White House warns against loosening COVID restrictions as states do just that

White House warns against loosening COVID restrictions as states do just that
Rattankun Thongbun/iStock
| ABC News Radio

By CHEYENNE HASLETT, ABC News

(WASHINGTON) — The Biden administration’s coronavirus task force said it does not agree with states that have begun to loosen restrictions as cases begin to drop from the all-time peak endured over the last month, warning during a White House briefing with reporters on Monday that the increased risk of variants spreading across the country are reason to keep those restrictions up, not weaken them.

States like New York and Massachusetts have recently backed off some stricter restrictions imposed during the winter months, like banning all indoor dining. And in a more extreme case, Iowa’s governor repealed the mask mandate across the state.

But it’s important to note that the U.S. has been here before, experts said, most notably over the summer when states pulled back their restrictions, reopening after lockdowns and bringing on another spike. Centers for Disease Control and Prevention Director Rochelle Walensky, chief medical adviser Dr. Anthony Fauci and coronavirus adviser Andy Slavitt were clear in Monday’s briefing that they were encouraging states not to go that route again.

“We have yet to control this pandemic. We still have this emerging threat of variants, and I would just simply discourage any of those activities,” Walensky said, regarding loosened restrictions. “We really need to keep all of the mitigation measures at play here if we’re really going get control of this pandemic.”

She urged all Americans to “keep your guard up” as cases and hospital admissions drop — noting that the country is still seeing well over 100,000 cases a day and far more hospitalizations per day than were reported during the summer peak.

“We are continuing to watch these data closely, and although hospital admissions and cases are consistently dropping, I’m asking everyone to please keep your guard up. The continued proliferation of variants remains of great concern, and is a threat that could reverse the recent positive trends we are seeing,” Walensky said.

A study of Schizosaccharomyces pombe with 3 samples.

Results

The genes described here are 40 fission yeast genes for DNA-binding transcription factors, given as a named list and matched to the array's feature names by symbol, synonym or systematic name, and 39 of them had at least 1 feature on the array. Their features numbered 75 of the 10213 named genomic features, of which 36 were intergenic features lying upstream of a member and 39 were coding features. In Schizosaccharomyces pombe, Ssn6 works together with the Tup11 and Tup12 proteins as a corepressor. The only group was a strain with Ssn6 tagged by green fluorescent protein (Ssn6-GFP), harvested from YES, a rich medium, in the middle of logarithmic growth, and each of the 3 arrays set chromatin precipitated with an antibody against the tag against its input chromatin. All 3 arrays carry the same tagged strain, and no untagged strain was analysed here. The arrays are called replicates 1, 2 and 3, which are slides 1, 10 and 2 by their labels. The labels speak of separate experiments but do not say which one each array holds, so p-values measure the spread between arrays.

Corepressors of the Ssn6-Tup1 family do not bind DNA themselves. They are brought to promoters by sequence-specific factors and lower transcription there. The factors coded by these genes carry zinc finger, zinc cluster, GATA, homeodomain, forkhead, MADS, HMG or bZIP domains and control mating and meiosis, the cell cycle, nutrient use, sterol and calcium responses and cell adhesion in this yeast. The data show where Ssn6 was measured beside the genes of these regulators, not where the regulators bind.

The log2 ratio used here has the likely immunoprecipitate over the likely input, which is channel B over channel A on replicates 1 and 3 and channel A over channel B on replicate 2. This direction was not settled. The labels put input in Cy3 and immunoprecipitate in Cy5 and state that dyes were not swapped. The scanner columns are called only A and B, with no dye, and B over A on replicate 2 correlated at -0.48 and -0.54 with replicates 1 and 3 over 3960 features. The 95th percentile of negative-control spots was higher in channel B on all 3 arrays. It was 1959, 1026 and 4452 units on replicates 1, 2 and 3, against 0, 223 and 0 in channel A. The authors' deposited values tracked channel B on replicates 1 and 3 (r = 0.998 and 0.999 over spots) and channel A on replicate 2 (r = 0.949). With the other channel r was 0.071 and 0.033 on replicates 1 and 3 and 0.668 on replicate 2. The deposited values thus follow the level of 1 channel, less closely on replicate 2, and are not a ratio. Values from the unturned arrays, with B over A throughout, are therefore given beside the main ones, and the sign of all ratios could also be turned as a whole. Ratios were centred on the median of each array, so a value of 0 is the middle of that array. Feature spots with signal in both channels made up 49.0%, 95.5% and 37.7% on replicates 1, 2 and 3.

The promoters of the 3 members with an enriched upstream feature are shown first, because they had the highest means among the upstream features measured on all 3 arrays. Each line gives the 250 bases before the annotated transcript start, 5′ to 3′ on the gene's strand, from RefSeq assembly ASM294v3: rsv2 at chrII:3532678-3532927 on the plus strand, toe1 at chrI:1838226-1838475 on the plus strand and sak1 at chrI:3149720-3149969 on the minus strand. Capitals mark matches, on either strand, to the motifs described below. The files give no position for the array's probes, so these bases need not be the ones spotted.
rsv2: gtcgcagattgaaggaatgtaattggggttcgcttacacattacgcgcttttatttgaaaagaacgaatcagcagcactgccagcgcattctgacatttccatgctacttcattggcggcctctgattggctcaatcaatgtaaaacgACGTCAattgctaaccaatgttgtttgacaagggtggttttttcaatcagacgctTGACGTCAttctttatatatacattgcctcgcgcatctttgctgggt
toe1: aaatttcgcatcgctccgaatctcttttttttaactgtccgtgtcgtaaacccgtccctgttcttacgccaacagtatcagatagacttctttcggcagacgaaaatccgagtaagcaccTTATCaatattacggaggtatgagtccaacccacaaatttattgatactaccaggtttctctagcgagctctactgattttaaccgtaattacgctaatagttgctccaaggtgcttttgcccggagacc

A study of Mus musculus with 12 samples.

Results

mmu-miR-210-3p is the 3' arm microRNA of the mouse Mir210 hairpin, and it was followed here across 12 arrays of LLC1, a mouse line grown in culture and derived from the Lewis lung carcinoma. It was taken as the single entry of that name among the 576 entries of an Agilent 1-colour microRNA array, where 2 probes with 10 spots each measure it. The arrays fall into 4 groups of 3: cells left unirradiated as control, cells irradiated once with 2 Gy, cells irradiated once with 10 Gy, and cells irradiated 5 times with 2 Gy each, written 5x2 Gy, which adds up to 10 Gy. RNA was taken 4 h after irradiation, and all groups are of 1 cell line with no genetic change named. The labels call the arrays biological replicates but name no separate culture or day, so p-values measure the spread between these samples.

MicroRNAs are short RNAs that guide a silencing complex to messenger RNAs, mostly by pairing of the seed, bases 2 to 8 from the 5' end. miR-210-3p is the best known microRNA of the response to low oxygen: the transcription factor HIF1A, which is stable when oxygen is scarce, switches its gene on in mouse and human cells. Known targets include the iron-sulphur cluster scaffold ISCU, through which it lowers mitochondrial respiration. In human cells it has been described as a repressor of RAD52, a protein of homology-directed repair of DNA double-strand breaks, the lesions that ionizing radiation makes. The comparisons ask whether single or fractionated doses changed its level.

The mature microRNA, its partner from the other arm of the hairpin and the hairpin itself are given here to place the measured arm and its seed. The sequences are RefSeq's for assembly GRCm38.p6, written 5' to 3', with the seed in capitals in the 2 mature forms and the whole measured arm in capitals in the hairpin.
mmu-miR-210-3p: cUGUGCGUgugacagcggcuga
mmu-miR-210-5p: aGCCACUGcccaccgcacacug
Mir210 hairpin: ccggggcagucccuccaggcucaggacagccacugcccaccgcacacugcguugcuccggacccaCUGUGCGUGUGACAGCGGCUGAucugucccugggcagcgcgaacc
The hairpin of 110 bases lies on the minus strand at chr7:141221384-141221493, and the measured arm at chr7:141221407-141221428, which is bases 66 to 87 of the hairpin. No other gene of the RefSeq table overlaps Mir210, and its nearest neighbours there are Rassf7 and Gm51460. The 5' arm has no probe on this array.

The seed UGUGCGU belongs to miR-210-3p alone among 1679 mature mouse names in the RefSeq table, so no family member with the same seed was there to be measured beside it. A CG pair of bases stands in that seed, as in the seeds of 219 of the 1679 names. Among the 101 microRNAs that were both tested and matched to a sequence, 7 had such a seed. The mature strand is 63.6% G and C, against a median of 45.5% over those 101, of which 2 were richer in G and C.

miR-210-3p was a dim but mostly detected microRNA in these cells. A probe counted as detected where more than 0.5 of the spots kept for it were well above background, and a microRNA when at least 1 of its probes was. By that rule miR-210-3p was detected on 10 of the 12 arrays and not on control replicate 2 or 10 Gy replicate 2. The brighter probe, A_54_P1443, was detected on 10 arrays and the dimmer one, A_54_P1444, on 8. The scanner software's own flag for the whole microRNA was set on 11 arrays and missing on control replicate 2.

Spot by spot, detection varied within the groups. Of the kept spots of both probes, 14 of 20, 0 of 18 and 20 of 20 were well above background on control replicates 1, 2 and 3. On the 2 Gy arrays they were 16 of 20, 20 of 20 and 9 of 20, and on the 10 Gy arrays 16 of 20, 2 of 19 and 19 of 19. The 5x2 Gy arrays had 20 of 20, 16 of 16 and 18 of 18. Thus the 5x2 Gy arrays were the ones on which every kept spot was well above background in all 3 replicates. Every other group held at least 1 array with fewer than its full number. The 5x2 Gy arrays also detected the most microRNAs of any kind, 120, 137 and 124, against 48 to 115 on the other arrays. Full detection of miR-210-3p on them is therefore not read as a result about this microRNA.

As of Feb. 7, 699 variant cases have been confirmed across 34 states. Of those cases, 690 are the B-117 variant, the variant first reported in the U.K., Walensky said. It’s estimated that far more variant cases are already here, but most testing centers don’t do the type of detailed sequencing required to find variants. Walensky said over the last three weeks, the CDC has increased surveillance of variants by tenfold and aims to increase another three or four times that.

Walensky said it’s important to wear a mast, stay 6 feet apart and to avoid travel, crowds and poorly ventilated spaces. The public also needs to “get vaccinated when it’s available to you. I recognize that the pandemic has taken an enormous toll on all of us. But if we all work together and take these prevention steps, we can finally turn the tide,” Walensky said.

“Underscoring what Dr. Walensky just said, the two things that we can do is A, make sure we adhere to the public health measures that Dr. Walensky just mentioned, and B, get as many people vaccinated as quickly as we possibly can. That’s the best defense against the evolution of variants,” Fauci said.

Asked specifically what the White House was doing to pressure states not to relax their guidelines, Slavitt and Walensky didn’t have concrete policy steps, saying that they’ve been clear with states and are in constant communication to try to guide their decisions with available data.

“I will just say I think our stand on this is pretty well-established. We attend a weekly governors call at least and I’ve been in touch one on one with numerous governors already, so I’m doing my best and I’m happy to do more to encourage the states to decrease their community spread so that we can decrease the threat of these variants, decrease our hospitalizations and get this pandemic under control,” Walensky said.

Slavitt added that they understand the pressure states are under to reopen.

“And the only thing I’ll add to that is that, you know, we understand the pressures the governors are under. We are taking a collaborative approach as much as possible, sharing with them the data, helping them understand as we’ve covered on this call why we’re in such a critical period to combating the virus and hope to continue to work to persuade and partner with states and localities, to continue to follow sensible public health measures,” he said.

Massachusetts, Iowa and New York are among the states relaxing COVID restrictions this week. In Massachusetts, businesses, including restaurants, gyms and close-contact services are allowed to operate at 40% capacity as of Monday, WCVB-TV reported. Those businesses had been restricted to 25% capacity.

In New York City, restaurants will be allowed customers indoors starting Friday, at 25% capacity, Gov. Andrew Cuomo confirmed Monday. Iowa’s Gov. Kim Reynolds lifted the state’s mask mandate as of Sunday.